An ORAU health physics technician conducts a characterization survey.

A major milestone was reached in 2010 when ORAU completed radiological and chemical characterization sampling of 34 structures at Oak Ridge National Laboratory and of the K-33 superstructure, a 2.8 million-square-foot facility located at the former Oak Ridge Gaseous Diffusion Plant. The facilities, many of which dated back to the Manhattan Project, were deteriorating and deemed non-essential to DOE’s future mission.

In 2010, ORAU was a key partner in Tennessee’s winning proposal for the national Race to the Top competition—a $4.35 billion U.S. Department of Education program designed to spur reform in K-12 education. One of just two states selected in the competition’s first phase, Tennessee received $500 million to improve its education performance over the next four years. ORAU will partner with Battelle to support several initiatives, including the development of the Tennessee STEM Innovation Network—a system of interconnected educators, schools and districts that will help teachers benefit from shared learning experiences and professional development.

ORAU reached a major milestone this year on ARRA-funded work through the ORISE contract to dramatically reduce the number of high-risk facilities at DOE’s Oak Ridge Reservation. Radiological and chemical characterization was completed at 34 ORNL structures—many of which were deteriorating Manhattan Project-era facilities—and the K-33 super structure located at the former Oak Ridge Gaseous Diffusion Plant. Characterization helps assess activities that occurred in the building, pinpoint chemicals or hazardous substances that may have been stored or processed there, and determine how best to safely remove and dispose of them.

In FY10, ORAU managed more than 1,950 medical screenings for former workers under DOE’s National Supplemental Screening Program, and our contract to manage the NSSP was extended through 2015. Since 2005, more than 7,800 screenings have been provided to identify occupational diseases, such as respiratory illnesses and cancer. ORISE’s Beryllium Laboratory conducted nearly 5,100 beryllium lymphocyte proliferation tests in 2010 with zero errors. This number of tests is a 60 percent increase over the last five years.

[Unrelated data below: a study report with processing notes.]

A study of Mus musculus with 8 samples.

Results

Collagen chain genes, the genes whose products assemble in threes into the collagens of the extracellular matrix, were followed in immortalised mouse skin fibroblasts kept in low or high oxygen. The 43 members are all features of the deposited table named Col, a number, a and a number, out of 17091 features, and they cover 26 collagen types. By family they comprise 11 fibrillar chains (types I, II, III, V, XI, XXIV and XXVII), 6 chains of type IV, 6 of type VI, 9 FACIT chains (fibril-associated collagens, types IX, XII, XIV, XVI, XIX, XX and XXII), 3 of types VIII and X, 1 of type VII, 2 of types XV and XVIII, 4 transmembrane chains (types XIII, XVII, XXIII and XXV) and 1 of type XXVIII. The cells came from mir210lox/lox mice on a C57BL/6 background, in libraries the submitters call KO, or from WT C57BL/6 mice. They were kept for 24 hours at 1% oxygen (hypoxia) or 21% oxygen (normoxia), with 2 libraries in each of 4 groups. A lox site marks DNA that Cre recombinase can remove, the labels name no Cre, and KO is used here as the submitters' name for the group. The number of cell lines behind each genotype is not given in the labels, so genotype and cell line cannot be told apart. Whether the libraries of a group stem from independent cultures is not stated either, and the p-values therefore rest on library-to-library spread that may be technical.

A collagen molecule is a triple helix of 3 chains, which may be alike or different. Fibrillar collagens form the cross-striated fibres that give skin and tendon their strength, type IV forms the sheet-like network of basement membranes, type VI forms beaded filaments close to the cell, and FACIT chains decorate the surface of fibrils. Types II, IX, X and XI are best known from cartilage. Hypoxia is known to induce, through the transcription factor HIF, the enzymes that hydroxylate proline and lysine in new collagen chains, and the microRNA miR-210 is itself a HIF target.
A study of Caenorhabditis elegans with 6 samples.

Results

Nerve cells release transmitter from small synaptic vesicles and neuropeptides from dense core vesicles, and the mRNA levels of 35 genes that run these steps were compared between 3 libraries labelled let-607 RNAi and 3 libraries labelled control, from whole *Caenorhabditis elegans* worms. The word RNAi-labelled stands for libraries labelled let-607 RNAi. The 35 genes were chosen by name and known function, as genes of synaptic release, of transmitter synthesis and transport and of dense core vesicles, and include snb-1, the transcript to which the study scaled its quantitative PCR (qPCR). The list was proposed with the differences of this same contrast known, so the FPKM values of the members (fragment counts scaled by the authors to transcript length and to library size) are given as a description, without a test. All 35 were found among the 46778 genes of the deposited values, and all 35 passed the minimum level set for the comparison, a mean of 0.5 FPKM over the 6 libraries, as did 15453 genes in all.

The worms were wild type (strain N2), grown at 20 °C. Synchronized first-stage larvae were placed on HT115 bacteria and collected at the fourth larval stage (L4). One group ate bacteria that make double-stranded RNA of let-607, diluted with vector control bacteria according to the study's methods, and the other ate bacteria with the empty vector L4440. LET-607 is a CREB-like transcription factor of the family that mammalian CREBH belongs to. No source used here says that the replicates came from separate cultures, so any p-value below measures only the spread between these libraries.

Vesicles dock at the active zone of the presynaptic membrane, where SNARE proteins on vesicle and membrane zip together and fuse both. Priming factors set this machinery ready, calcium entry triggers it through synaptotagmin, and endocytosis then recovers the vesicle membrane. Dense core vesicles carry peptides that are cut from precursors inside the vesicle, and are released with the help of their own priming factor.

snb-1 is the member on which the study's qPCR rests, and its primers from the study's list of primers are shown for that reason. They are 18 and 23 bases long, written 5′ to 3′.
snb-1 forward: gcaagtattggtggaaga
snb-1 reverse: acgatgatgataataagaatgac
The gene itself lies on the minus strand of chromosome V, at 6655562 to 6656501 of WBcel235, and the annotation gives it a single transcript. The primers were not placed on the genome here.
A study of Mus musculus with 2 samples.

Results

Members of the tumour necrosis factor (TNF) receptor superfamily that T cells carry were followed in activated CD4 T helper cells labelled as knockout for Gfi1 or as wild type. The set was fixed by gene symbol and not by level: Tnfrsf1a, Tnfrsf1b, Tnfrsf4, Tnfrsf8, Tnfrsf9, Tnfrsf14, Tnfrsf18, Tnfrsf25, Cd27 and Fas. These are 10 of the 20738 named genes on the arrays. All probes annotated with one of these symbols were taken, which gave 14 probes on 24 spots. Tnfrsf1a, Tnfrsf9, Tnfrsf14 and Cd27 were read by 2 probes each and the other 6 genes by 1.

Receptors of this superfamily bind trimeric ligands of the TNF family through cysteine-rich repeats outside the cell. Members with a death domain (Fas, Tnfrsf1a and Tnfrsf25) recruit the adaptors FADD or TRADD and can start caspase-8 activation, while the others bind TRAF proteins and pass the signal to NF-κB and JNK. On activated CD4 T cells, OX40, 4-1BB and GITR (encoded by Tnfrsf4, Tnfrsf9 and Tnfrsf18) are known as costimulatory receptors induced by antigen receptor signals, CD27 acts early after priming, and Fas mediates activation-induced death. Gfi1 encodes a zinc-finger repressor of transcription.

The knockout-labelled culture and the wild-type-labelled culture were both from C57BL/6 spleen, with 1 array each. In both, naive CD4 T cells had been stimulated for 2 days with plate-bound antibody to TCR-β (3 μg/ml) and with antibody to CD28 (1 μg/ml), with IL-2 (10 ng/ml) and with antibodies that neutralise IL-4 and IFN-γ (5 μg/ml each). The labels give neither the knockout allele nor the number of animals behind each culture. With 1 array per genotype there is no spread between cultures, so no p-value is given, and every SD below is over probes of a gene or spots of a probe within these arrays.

ORAU’s expertise was sought by TVA following the 2008 coal fly ash spill at its Kingston Fossil Plant. Partnering with Vanderbilt University Medical Center, an ORAU sponsoring institution, ORAU conducted an assessment of area residents who opted to participate in an independent medical screening program at no cost to them. Through a robust communication outreach effort, hundreds of individuals, doctors, and other interested parties were provided with information about the program, and a total of 214 people from 112 households participated in the medical evaluations. In August, ORAU released the results, which found no adverse health effects were caused by the spill.

In its second year, ORAU’ 2010 Extreme Classroom Makeover competition awarded Jordan Haney, a 5th grade teacher at Rocky Hill Elementary School in Knoxville, Tenn., a $25,000 grant for technology and other enhancements to his classroom. Two other area educators were named runners-up in the contest: Kimberly Carroll’s seventh and eighth grade science classes at Central Middle School in Wartburg, Tenn., and George Pace’s fifth grade class at Sunbright School in Sunbright, Tenn. Both received prize packages valued at $4,000 each.